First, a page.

Wyoming governor blasts proposed water pipeline | AspenTimes.com

Wyoming governor blasts proposed water pipeline

Ben Neary
The Associated Press
Aspen, CO Colorado

CHEYENNE, Wyo. – Wyoming Gov. Dave Freudenthal opposes entrepreneur Aaron Million’s proposal to build a pipeline from the Green River in Wyoming to Colorado’s Front Range and questions whether the plan justifies a federal environmental study.

The U.S. Army Corps of Engineers is overseeing an environmental study of the proposed 560-mile-long pipeline, which could carry up to 250,000 acre feet of water a year from the Green River, in the Flaming Gorge Reservoir area, near Wyoming’s southwestern border with Utah.

“I’m not sure they have adequate definition of the need for the project to even do the analysis,” Freudenthal said Tuesday. “I think this is just a rich guy who just wants to move water.”

The proposed $3 billion pipeline would be privately funded. It would run east across Wyoming and then south to Pueblo, Colo.

Although the water would be pumped out of the river in Wyoming, it would come from Colorado’s share of water under the Colorado River compacts. The compacts are long-standing agreements among western states on the division of water.

Million, of Fort Collins, Colo., said Tuesday that he has lined up customers for the water in both Colorado and Wyoming, including municipalities and agricultural users. He declined to name them, saying he would inform the Corps of Engineers at the appropriate time.


“To a certain degree, I think when you look at the problems in the region, this is the second best alternative,” Million said of his project. “The first best alternative is for everybody to move to Missouri.”

He said studies have concluded that the Front Range is short more than 450,000 acre feet of water a year to meet its needs – far more than his pipeline could provide. He said that if the environmental review finds his project would hurt the river or communities, “I’ll be the first to put a fork in my own project.”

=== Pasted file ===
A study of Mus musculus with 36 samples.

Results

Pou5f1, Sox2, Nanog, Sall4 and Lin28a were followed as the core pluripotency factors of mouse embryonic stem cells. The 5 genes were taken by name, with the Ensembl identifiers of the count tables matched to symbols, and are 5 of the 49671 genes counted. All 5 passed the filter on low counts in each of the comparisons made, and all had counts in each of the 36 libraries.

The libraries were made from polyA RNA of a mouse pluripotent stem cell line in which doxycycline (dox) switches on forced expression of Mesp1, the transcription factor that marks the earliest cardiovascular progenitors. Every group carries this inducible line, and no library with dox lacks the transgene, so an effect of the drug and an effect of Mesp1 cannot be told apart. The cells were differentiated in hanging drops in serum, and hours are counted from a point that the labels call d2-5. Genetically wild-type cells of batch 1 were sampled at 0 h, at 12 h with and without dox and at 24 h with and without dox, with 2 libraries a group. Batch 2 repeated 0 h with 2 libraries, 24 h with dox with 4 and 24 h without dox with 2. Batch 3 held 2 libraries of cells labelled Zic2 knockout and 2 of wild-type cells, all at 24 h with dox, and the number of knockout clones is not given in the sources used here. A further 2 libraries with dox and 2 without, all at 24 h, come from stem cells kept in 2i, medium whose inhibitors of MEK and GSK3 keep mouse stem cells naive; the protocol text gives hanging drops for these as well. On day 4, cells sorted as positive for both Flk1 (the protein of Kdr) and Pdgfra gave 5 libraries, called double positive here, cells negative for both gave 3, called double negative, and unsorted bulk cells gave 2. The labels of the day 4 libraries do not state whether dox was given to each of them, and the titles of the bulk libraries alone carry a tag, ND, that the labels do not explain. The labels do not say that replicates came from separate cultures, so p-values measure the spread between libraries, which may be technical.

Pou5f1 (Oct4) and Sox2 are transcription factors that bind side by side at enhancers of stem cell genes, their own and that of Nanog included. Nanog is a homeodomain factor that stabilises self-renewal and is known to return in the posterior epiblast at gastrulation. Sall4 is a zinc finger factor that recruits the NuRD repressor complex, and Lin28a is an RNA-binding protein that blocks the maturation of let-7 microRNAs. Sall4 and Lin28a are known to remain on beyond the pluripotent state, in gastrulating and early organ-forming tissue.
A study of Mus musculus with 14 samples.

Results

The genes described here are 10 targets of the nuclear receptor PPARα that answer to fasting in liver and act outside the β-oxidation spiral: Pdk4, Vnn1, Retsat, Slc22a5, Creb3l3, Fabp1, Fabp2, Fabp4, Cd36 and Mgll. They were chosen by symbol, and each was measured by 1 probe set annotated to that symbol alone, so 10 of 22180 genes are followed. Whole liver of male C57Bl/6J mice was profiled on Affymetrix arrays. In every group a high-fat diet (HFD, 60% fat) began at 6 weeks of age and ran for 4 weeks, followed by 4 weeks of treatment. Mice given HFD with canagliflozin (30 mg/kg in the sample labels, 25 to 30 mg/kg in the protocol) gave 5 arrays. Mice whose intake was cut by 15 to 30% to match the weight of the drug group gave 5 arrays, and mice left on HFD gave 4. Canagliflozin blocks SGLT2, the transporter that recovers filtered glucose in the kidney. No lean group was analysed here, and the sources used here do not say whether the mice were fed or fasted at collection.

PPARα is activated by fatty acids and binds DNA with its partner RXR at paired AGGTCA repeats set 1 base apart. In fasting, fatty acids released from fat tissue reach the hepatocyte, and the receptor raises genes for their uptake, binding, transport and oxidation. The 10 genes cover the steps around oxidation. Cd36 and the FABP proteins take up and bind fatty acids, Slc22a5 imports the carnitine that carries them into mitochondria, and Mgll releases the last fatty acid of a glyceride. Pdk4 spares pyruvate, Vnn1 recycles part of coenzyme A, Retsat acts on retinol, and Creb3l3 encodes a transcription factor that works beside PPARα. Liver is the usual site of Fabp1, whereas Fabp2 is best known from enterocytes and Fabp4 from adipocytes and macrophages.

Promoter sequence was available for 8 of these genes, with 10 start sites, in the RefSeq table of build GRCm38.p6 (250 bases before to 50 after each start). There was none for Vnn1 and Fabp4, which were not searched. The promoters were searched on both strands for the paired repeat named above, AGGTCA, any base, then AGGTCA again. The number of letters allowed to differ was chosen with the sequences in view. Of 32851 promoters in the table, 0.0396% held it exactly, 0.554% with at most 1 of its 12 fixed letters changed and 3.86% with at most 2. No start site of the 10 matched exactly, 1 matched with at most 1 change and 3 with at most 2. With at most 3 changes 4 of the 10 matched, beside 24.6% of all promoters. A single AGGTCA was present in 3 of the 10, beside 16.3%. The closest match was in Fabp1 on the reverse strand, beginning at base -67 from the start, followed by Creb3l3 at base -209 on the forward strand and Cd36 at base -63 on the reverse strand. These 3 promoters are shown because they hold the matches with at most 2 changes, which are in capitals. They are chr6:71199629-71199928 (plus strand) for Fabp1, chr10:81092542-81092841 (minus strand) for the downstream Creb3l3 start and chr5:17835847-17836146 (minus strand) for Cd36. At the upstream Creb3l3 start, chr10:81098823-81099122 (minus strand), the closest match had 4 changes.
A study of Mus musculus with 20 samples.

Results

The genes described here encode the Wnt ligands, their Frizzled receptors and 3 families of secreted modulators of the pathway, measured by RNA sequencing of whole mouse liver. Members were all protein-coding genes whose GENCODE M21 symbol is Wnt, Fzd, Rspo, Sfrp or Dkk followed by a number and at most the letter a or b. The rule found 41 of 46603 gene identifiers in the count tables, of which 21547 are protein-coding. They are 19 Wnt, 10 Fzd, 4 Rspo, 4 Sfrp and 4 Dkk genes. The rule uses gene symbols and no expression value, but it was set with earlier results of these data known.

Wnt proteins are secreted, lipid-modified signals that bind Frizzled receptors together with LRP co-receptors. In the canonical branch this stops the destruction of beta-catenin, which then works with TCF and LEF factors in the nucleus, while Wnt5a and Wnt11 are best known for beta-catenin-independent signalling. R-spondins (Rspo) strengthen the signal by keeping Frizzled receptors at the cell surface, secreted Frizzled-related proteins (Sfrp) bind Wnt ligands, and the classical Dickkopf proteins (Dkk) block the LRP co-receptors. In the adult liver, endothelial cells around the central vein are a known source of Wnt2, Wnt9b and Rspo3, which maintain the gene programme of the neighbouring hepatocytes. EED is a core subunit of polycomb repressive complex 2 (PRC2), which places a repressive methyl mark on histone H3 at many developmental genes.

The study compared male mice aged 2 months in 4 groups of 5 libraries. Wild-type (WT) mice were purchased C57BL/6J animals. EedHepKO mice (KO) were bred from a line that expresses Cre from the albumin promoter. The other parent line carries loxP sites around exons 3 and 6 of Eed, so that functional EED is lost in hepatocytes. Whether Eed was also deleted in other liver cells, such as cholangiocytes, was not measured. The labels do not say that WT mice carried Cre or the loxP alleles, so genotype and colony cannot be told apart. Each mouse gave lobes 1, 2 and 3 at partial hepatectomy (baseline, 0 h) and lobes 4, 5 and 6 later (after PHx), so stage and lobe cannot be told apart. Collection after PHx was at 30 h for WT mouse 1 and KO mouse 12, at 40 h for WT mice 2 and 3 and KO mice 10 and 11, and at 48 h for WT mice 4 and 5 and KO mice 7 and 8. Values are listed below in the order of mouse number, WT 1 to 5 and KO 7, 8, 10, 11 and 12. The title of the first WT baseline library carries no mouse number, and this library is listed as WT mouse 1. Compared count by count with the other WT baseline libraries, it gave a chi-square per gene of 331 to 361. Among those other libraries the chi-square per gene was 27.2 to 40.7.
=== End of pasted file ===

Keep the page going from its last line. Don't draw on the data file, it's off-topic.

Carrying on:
Freudenthal submitted written comments on the project to the corps in Colorado on Monday, the deadline for commenting on issues the corps should address in an environmental study.

The study needs to consider how taking water from the river would affect endangered species and recreation, Freudenthal said.

He also said Million’s water marketing plan should be disclosed, and that the federal agency should consider how much cheaper water would be if public entities built the pipeline.

The prospect of pumping water from the Green River raises concerns over preserving Wyoming’s unused share of water in the Colorado River system, Freudenthal said. He said that any Colorado diversion would always be considered a junior water right under Wyoming law in times of water shortage.

The state governments in Colorado and Utah haven’t commented on Million’s plan.

Alexandra L. Davis, assistant director for water at the Colorado Department of Natural Resources, said Tuesday her state hasn’t formed an opinion yet about the project.

John Harja, director of the Governor’s Public Lands Policy Coordination Office in Salt Lake City, said Utah intends to file comments on the project this week. He declined to discuss them.

Rena Brand, project manager for the Corps of Engineers in Littleton, Colo., said a draft study should be completed in 2012 and a final version in 2014. The pipeline could be built within two years of the final study’s completion, Million said.

Some local governments in Utah, which holds most of the Green River downstream from the proposed diversion, have expressed concern about the project.